The History of Stockholm, Sweden - Written by Amanda Wisner Stockholms historia, Sverige - Skriven av Amanda Wisner
Upon coming across this article, you may have thought: “Isn’t this an article in an earlier issue?” And, yes, it is practically the ‘sister article’ to The History of Gothenburg, Sweden, which I wrote about a year ago, but I chose to venture into a different city. This city is the capital and most populated city in Sweden. This particular city is Stockholm, Sweden, and the city that will be featured in this article. Stockholm dates all the way back to the thirteenth century, as time was nearing to the end of the Middle Ages, which had taken place from 1201 to 1300. At the time, trade and commerce were popular all across Europe, and many new towns were founded throughout these years. In the year 1252, Birger Jarl, (the regent of Sweden at the time) had founded the Stockholm.
Fast forward to 1289, Stockholm had been described as the largest place in Sweden, despite it seeming small to people today. 211 years later, Stockholm was a small city with a population of approximately 6,000 people.
However, not all good things last forever, right? In this case, that’s correct. In 1519, the King of Denmark had invaded Sweden, and a year later he had seized Stockholm and had over eighty Swedish nobles executed for not sharing the same beliefs as he wanted the city to have, which is known as heresy. This series of events had been known as the “Stockholm Bloodbath”. Contrary to the terrible turn of events, in 1523, the Swede Gustav Vasa had recaptured the city. Moving forward to the seventeenth century, Sweden was a great power to Europe. Stockholm had begun to flourish. By the end of the seventeenth century, the population was approximately 50,000 people. Between 1641 and 1674, Riddarhuset, The House of Nobility was being built. But as quickly as everything had begun to thrive, through 1710-1711, plague had torn through the city, and an abounding amount of people had died. Not lowering its reputation as a city, Stockholm had recovered and flourished once again in the eighteenth century.
Following the plague, Tullgarn Palace was built in 1720, the Royal Palace was opened in 1754, the Obelisk was created in 1799, and the statue of King Gustav III was also sculpted in 1799. Throughout the mid-nineteenth century, Stockholm had been an extremely unhealthy city. With a lack of sewers and no piped water supply, there were most likely smaller illnesses and all types of ‘colds’ that, without a doubt, would have spread like wildfire. However, in the late nineteenth century, Sweden had transformed from an agricultural society to an industrial society. (In 1850, Stockholm held a population of 93,000, and by the twentieth century, it had grown to approximately 300,000).
As Sweden had begun to flourish as an industrial country as a whole, many inventions had cancelled out the poor plumbing systems and other issues that were apparent (especially in Stockholm). For example, Stockholm had gained gas light in 1853, then a piped water supply was introduced in the 1860's. Following this, the National Museum was created and built in 1866, Stockholm Central Railway Station was constructed in 1871, horse drawn trams began running in Stockholm in 1877, followed by the first electric trams, which were introduced in 1901. While transportation and business were growing rapidly, the educational and historic parts of Stockholm were also brought into the light. Stockholm University was founded in 1877, the Swedish Army Museum was opened in 1879, Skansen Open Air Museum was introduced in 1891, the Biological Museum was introduced to the public in 1893, and Stockholm Music Museum had been founded in 1899. As a reader, you may be thinking “Wow, Stockholm flourished faster than anything!” And really, it had. As it continued to grow, the extremely successful city hadn’t brought disappointment, and continued to thrive throughout the twentieth century.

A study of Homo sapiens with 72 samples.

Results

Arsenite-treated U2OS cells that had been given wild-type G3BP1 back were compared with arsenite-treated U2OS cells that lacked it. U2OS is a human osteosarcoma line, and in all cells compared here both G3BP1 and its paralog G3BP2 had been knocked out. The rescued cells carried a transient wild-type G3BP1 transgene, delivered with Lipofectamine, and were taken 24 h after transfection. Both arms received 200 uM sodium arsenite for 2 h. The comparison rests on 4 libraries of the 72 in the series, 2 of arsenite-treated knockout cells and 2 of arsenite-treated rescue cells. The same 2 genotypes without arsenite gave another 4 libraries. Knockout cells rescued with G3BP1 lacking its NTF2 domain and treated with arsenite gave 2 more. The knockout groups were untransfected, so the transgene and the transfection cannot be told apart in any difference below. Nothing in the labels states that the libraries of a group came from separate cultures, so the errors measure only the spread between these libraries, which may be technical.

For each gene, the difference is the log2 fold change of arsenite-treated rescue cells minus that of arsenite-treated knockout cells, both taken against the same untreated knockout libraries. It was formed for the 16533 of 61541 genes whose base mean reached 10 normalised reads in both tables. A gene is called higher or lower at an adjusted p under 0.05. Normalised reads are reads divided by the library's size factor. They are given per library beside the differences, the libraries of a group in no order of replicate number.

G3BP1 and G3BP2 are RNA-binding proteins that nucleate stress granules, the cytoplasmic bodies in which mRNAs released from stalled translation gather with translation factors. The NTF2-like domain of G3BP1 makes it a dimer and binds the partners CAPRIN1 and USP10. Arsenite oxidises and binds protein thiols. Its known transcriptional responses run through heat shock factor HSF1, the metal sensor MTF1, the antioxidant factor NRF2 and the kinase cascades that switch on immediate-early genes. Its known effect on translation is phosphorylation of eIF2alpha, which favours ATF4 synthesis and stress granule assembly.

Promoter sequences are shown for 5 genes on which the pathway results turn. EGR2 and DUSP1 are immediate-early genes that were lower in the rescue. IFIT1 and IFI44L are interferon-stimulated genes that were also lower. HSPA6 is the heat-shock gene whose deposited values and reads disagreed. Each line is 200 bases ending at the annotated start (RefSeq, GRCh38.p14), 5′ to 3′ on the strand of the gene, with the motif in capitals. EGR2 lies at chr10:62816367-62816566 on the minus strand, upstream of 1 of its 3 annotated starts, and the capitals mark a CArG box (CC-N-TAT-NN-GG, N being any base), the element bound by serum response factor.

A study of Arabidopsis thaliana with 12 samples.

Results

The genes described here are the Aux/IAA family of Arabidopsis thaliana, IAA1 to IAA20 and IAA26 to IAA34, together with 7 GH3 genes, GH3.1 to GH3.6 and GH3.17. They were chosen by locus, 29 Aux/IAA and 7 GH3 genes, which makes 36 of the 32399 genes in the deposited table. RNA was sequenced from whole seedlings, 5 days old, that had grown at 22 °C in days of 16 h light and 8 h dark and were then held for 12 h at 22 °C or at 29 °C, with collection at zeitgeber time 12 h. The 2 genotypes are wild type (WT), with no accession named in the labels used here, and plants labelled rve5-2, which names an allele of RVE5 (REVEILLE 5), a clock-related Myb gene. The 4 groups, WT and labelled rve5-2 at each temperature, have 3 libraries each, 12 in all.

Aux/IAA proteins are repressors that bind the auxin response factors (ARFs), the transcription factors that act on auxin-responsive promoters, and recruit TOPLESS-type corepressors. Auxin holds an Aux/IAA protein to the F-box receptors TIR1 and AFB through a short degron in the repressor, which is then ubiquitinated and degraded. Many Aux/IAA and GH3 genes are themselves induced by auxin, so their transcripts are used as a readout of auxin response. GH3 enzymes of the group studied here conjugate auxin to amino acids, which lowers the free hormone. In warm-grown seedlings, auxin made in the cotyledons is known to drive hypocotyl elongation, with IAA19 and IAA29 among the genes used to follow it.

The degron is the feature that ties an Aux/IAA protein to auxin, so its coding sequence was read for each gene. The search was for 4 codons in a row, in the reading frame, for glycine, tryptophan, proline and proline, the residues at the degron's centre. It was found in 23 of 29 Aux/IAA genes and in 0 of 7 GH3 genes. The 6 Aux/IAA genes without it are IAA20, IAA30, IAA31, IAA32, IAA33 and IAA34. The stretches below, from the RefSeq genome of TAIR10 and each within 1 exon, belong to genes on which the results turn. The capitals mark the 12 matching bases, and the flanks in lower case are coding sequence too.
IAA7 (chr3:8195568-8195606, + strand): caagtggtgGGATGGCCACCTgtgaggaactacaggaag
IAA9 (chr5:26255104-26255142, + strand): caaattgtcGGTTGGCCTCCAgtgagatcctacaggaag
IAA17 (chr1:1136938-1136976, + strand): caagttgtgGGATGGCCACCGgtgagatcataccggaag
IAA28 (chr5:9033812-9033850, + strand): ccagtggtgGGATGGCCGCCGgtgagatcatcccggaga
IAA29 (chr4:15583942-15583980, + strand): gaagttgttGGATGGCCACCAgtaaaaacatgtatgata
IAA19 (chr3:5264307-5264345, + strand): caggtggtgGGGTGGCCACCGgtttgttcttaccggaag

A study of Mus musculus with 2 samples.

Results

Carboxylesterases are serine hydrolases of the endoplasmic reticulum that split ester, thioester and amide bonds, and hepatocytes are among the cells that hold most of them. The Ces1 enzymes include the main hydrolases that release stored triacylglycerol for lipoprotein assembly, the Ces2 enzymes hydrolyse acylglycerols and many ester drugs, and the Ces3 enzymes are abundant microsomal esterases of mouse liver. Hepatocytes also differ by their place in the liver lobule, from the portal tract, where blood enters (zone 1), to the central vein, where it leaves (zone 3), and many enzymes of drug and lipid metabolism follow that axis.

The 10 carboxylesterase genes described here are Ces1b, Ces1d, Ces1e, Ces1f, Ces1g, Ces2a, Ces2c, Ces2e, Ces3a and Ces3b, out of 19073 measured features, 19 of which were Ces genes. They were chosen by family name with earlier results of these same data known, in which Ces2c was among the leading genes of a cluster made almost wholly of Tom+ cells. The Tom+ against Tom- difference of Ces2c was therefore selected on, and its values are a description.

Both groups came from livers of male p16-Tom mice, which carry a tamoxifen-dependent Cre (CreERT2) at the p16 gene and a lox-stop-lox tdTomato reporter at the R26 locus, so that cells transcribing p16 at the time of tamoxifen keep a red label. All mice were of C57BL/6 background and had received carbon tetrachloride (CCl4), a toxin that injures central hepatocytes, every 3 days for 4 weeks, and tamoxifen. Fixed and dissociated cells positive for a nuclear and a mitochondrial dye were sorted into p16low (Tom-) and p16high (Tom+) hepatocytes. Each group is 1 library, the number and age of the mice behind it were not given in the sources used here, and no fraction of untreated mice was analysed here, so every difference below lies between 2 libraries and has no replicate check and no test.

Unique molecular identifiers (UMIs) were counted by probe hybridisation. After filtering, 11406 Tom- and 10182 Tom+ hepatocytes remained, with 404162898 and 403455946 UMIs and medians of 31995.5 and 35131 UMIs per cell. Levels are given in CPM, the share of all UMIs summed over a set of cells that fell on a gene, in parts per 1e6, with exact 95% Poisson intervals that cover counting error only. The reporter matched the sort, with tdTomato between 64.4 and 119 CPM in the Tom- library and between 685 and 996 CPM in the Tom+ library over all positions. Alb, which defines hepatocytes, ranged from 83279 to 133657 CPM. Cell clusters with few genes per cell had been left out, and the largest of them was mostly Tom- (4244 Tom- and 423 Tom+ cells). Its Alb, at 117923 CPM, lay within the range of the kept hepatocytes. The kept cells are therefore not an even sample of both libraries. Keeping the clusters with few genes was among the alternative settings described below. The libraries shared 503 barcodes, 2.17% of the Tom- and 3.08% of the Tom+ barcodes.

Here’s a list / timeline of many more successes (with a minor downfall or two) that took place in Stockholm: 1628 - The Vasa (a Swedish ship) sinks 1905 - The Parliament House is constructed 1906 - The Postal Museum is introduced to the public 1907 - The Nordic Museum is built 1923 - City Hall is constructed 1943 - The Museum of National Antiques opens Approximately Mid-Twentieth Century - Stockholm escapes damage by bombing in World War II; a program is created to modernize the city (This program included many old homes being demolished and replaced) 1953 - The Museum of Dance opens 1961 - The Vasa is recovered and put on display in a museum 1986 - The Medieval Museum is introduced to the public
Throughout the years of its existence, Stockholm has overcome several obstacles on the way to becoming a wonderful, successful city. Nonetheless, from new inventions being put into use for the sake of the citizens’ health and safety to many museums celebrating the history of Stockholm, the city is now an unbelievably stunning and impressive city. The capital of Sweden is a popular tourist attraction, in which the industry shares its part in the city. From starting at a population of approximately 6,000 people in 1300, Stockholm is now the most populated city in the Scandinavian region, holding a population of about 960,031 people as of 2017.